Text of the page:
APPLETON — St. Therese Parish has been a part of Bob Weller’s life for as long as he can remember. He attended St. Therese School from first through eighth grade, and from there he went onto St. Mary High School in Menasha before enlisting in the Navy.
After his time in the military, Weller worked in the foundry industry and later had his own business. When he retired in 2003, Weller got actively involved at St. Therese thanks to his pastor at the time, Fr. Bill Hoffman.
“Fr. Hoffman needed another person as a sacristan every Thursday to set up for him for Mass,” recalled Weller.
“From there he got me involved in going down to the Dominican Republic. They were looking for volunteers, and that first year I went down for two weeks.” Later trips included longer stays: Four weeks, six or seven weeks, and last year, two months.
Because of time spent in Japan when Weller was in the military, he had no problem handling the warm climate in the Dominican Republic. His stays down there keep getting longer and longer in part because he really likes the people — not only the natives, but the group from the Green Bay Diocese that he travels with. He plans on going back again next year and will stay as long as they need him. “It all depends what they come up with. If they want me down there, I’ll stay.”
Weller explained the volunteer projects in which he has been involved. “The first project, we built a chapel in Sabaneta and the next year we built some homes around Sabaneta,” he said. “After that I also built a couple of chapels. Father has various chapels all the way around.”
The work they do is rewarding but it’s not easy. “You’re building everything (by hand). The mortar we’re mixing. All of our block we’ve got to set by hand,” he explained. “Two years ago, we were helping to build an aqueduct up in the mountains. It was an hour and a half in — originally they were going to have a road bulldozed in but they never finished, so we had to walk in carrying the pipe, the rebar.”
They weren’t able to complete the project then but it has been finished since.
Not every volunteer activity demands that much physical labor. Weller noted that no matter what a person’s skill set is, they’ll find a way to put those skills to use for anyone who wants to join them on a mission trip.
During his trip earlier this year, Weller had the opportunity to work with a number of different people. “I went down with the first group and built a chapel. Then the deacons came down and I stayed with them and worked with them for two weeks.”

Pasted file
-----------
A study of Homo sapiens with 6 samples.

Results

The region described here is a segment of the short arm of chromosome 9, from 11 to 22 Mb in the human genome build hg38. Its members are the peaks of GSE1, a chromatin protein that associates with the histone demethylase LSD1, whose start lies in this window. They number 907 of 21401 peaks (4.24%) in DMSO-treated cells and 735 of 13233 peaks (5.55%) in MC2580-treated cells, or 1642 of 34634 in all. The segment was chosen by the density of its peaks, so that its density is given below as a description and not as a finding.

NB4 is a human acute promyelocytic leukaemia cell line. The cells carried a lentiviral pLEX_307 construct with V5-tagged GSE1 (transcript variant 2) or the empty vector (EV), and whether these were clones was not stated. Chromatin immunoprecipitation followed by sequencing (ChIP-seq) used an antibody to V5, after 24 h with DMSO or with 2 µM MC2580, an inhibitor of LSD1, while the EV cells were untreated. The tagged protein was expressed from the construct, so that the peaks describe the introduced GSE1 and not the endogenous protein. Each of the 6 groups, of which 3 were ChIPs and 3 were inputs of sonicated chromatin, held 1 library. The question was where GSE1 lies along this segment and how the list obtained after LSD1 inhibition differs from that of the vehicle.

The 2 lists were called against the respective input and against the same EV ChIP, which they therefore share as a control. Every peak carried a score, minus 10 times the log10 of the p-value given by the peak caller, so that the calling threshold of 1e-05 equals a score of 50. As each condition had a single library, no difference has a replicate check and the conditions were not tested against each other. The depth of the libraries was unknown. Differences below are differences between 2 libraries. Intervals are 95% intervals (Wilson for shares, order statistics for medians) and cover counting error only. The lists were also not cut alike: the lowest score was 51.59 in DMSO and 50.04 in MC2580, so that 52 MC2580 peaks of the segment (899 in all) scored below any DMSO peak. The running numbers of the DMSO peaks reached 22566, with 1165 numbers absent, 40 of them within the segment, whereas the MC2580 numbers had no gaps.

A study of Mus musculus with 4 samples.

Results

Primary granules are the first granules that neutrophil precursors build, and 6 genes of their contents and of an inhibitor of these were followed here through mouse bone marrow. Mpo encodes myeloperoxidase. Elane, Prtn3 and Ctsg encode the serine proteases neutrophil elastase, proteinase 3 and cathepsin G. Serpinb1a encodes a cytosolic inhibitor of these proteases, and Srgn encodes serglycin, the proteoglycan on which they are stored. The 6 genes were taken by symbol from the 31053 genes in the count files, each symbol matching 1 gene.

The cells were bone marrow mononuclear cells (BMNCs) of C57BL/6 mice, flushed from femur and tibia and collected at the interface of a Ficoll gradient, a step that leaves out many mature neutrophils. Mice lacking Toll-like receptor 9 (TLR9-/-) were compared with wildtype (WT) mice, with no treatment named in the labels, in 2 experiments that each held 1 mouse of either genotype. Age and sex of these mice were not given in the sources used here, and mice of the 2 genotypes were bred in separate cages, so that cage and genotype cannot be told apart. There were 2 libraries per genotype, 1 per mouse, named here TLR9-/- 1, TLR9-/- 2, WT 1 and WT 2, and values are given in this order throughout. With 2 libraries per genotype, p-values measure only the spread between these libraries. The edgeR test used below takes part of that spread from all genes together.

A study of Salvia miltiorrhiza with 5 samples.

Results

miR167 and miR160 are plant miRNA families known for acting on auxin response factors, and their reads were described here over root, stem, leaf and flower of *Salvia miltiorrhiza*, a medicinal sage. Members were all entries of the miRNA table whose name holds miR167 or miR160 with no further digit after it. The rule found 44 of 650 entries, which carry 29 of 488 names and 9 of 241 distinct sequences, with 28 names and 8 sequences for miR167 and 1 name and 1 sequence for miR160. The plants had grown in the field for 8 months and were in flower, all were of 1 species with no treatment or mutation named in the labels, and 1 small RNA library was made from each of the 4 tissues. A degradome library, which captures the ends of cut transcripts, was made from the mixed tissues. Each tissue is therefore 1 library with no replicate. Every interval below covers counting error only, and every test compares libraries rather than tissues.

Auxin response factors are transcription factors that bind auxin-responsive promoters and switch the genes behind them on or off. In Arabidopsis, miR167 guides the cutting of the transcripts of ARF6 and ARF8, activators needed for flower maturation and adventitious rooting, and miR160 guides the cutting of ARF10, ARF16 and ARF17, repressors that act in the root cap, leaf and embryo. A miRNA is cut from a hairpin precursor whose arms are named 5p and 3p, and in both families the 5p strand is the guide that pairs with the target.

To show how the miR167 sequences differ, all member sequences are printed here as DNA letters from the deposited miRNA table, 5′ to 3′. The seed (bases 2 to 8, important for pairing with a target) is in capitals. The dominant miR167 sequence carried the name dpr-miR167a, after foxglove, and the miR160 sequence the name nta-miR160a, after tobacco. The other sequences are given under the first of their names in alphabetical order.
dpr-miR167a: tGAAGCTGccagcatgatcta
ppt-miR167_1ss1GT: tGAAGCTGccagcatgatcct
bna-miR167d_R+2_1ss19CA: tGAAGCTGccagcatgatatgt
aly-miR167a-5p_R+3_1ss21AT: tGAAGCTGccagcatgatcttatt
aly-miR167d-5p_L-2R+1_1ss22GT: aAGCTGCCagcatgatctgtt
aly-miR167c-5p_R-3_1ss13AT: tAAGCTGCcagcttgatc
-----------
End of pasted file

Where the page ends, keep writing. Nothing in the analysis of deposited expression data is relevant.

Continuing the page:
He also spent time chaperoning a group of parish youth and staying with members of Fr. Mike Seis’s family.
During the rest of the year, when Weller isn’t in the Dominican Republic, he’s busy back home. He volunteers at St. Therese, helping the part-time maintenance person with various jobs, from plumbing to electrical. He assists with the construction project on their campus as they prepare to be the new home for Loaves & Fishes later this summer.
Weller still has his sacristan duties on Thursdays and tries to go to daily Mass. When his schedule doesn’t allow for him to attend St. Therese, he’ll go to Sacred Heart of Jesus, St. Mary or St. Joseph church. At St. Joe’s he volunteers to take up the collection every Friday, where the proceeds are donated to St. Joseph Food Program. He also strives to pray the rosary daily.
Weller said it was hard to say what inspires him to do all of his volunteer activities. “I don’t really know what motivates me. It’s just something to do. It’s a combination of things because over the years you can see the improvements that have been made on the island,” he said. “The roads are improving; they’re bulldozing new roads in different areas, things like that are improving.”
He said anyone can help those in need by giving of their time, treasure and/or talent, even if they are unable to make a service trip. “Loaves & Fishes needs money and also for the Dominican Republic,” said Weller. “We’re always trying to raise money for the various projects. If we build a chapel, that’s usually funded by volunteers or donations from other people. … Everything takes money. We’re always looking for donations.”